From Thurber finalist and former star Time columnist Joel Stein comes a "brilliant exploration" (Walter Isaacson) of America's political culture war and a hilarious call to arms for the elite.
"I can think of no one more suited to defend elitism than Stein, a funny man with hands as delicate as a baby full of soft-boiled eggs." —Jimmy Kimmel, host of Jimmy Kimmel Live!
The night Donald Trump won the presidency, our author Joel Stein, Thurber Prize finalist and former staff writer for Time Magazine, instantly knew why. The main reason wasn't economic anxiety or racism. It was that he was anti-elitist. Hillary Clinton represented Wall Street, academics, policy papers, Davos, international treaties and the people who think they're better than you. People like Joel Stein. Trump represented something far more appealing, which was beating up people like Joel Stein.
In a full-throated defense of academia, the mainstream press, medium-rare steak, and civility, Joel Stein fights against populism. He fears a new tribal elite is coming to replace him, one that will fend off expertise of all kinds and send the country hurtling backward to a time of wars, economic stagnation and the well-done steaks doused with ketchup that Trump eats.
To find out how this shift happened and what can be done, Stein spends a week in Roberts County, Texas, which had the highest percentage of Trump voters in the country. He goes to the home of Trump-loving Dilbert cartoonist Scott Adams; meets people who create fake news; and finds the new elitist organizations merging both right and left to fight the populists. All the while using the biggest words he knows.
In this hilarious refereeing of the culture wars, former Time columnist Stein (Man Made) roams America studying wealthy, Ivy league educated, conference-attending elites and their populist detractors. In Miami, Tex. located in Roberts County, where 95.3% of the population voted for Trump he finds not violent yahoos but friendly, thoughtful conservatives who nicely try to convert his Jewish-atheist soul to Christianity. At a Resistance party with Hollywood elites in L.A., he finds liberal dogmas even more rigid than Texan Baptists' certitudes. And he fences with such "populist elites" as Dilbert cartoonist Scott Adams and Fox News pundit Tucker Carlson as they disparage elite expertise in favor of Trump-ian gut instincts and nationalist allegiances. A halfhearted elitist himself, Stein makes a case against the epistemic anarchism of populists, conspiracy theorists, and antivaxxers, arguing that Americans need intellectual elites to run society his hero is L.A. mayor Eric Garcetti, fixer of potholes and transit systems and to protect individual rights. Stein's excellent reportage keeps the ideology light andis full of one-liners "elites feel the same way about college as non-elites do about church," especially because "our church got us drunk and laid" that generously skewer everyone. The result is an insightful, uproarious take on America's political divide.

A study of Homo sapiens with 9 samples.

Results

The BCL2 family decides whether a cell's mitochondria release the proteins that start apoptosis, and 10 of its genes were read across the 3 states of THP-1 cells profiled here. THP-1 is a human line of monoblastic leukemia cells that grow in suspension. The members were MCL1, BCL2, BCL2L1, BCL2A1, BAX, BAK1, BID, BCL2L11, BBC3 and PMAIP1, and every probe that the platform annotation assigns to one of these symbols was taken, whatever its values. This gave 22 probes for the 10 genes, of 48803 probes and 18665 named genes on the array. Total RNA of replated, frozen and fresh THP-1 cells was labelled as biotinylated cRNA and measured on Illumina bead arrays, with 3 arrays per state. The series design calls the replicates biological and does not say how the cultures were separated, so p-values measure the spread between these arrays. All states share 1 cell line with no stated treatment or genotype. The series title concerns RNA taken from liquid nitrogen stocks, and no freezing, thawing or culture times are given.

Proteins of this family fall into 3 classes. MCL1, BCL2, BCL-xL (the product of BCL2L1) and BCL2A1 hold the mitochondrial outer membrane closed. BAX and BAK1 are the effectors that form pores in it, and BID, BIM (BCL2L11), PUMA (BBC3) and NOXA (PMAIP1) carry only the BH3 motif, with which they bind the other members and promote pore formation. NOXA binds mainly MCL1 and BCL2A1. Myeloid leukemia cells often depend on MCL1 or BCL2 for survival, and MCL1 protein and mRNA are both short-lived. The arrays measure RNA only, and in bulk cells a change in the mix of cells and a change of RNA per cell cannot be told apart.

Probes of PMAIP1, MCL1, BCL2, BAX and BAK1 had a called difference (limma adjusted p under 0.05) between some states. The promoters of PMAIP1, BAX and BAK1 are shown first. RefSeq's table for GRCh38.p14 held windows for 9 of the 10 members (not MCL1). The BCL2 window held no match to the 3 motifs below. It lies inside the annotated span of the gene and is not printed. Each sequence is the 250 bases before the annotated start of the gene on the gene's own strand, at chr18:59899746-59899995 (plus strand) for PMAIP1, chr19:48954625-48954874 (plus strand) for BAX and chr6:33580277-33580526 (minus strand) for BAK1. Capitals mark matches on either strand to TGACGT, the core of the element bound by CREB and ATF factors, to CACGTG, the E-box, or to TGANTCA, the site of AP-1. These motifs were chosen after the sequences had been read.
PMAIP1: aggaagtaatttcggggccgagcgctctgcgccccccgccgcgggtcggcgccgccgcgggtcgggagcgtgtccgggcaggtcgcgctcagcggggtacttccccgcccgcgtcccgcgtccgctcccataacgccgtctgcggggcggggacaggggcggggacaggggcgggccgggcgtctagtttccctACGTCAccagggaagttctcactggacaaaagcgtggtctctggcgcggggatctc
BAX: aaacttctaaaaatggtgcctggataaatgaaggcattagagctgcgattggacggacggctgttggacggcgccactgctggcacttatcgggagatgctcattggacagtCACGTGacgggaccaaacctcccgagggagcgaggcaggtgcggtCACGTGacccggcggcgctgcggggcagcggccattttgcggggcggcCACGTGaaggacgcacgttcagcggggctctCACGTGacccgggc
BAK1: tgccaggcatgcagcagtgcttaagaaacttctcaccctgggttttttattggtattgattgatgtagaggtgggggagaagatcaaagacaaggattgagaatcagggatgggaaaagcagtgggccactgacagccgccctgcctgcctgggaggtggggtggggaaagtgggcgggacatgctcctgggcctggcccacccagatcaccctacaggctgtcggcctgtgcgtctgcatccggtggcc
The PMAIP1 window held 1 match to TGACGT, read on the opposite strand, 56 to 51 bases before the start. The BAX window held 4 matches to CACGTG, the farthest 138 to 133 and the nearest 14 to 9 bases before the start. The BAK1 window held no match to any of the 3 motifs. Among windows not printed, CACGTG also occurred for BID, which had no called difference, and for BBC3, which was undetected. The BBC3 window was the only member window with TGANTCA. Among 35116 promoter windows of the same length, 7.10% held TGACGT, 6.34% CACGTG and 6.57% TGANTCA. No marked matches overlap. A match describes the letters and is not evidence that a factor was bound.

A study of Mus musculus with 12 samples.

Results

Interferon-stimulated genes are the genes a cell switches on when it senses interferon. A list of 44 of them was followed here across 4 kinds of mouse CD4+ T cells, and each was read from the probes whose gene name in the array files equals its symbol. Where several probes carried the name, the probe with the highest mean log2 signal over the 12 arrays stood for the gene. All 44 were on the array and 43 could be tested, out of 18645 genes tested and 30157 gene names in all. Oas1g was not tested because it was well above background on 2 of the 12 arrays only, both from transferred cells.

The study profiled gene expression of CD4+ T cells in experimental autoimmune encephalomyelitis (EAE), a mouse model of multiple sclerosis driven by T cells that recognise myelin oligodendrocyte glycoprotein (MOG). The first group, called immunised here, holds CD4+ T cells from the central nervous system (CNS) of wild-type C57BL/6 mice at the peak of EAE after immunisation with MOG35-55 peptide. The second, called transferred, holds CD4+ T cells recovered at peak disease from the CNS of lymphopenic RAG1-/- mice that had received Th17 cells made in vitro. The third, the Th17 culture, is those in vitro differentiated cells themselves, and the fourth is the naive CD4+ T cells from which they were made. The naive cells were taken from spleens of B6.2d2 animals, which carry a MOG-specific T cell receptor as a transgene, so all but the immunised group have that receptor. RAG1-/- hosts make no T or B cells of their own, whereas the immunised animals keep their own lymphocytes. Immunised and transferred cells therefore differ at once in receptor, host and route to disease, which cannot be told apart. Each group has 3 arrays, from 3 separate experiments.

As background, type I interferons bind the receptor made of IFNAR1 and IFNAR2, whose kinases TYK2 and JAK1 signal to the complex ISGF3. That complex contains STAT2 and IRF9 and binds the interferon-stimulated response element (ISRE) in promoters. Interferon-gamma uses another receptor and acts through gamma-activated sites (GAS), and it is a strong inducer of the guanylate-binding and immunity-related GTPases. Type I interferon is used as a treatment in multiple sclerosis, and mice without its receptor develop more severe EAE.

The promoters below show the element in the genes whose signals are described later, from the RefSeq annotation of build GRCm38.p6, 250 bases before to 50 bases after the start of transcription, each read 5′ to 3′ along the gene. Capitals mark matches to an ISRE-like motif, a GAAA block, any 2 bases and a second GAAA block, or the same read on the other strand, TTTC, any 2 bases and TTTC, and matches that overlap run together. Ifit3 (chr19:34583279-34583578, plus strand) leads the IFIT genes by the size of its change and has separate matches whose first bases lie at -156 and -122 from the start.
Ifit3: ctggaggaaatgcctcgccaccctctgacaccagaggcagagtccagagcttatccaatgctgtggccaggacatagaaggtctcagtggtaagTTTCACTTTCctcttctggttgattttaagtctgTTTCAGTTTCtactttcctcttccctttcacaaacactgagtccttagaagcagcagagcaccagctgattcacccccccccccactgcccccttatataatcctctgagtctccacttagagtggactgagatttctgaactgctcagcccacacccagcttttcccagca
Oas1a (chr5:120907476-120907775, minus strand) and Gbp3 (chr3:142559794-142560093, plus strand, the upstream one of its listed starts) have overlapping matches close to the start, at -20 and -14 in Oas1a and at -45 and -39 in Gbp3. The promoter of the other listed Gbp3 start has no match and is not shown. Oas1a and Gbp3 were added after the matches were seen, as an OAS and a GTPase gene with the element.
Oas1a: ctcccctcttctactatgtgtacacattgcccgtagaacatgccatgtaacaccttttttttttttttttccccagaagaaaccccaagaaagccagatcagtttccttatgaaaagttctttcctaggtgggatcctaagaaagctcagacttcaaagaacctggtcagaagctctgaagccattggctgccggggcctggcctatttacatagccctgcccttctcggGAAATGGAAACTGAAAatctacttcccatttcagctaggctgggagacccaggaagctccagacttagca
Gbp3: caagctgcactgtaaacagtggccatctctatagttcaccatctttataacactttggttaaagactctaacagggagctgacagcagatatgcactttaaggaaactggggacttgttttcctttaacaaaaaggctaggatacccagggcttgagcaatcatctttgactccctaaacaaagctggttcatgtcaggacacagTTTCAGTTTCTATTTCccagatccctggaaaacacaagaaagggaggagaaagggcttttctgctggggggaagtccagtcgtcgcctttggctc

Very much enjoyed this book. Giggled out loud at least every other page. I found it insightful and honest. I feel like I am a moderate. I do get angry with elites especially in the media. I thought his points were good. A fun read.
A sincere attempt
Joel attempts to make the case for why the intellectual elite is superior to the “boat elite” as he puts it or “captains of industry” as others have referred to them. He has some fascinating points and it’s certainly an entertaining read, but I think it’s going to take another book before he truly understands the origin of the populist fervor redefining politics worldwide, and it’s not entirely the Meteorologist fallacy.
Recommend reading this in conjunction with Nassim Taleb’s trilogy, which pretty much rips the expertise argument to shreds.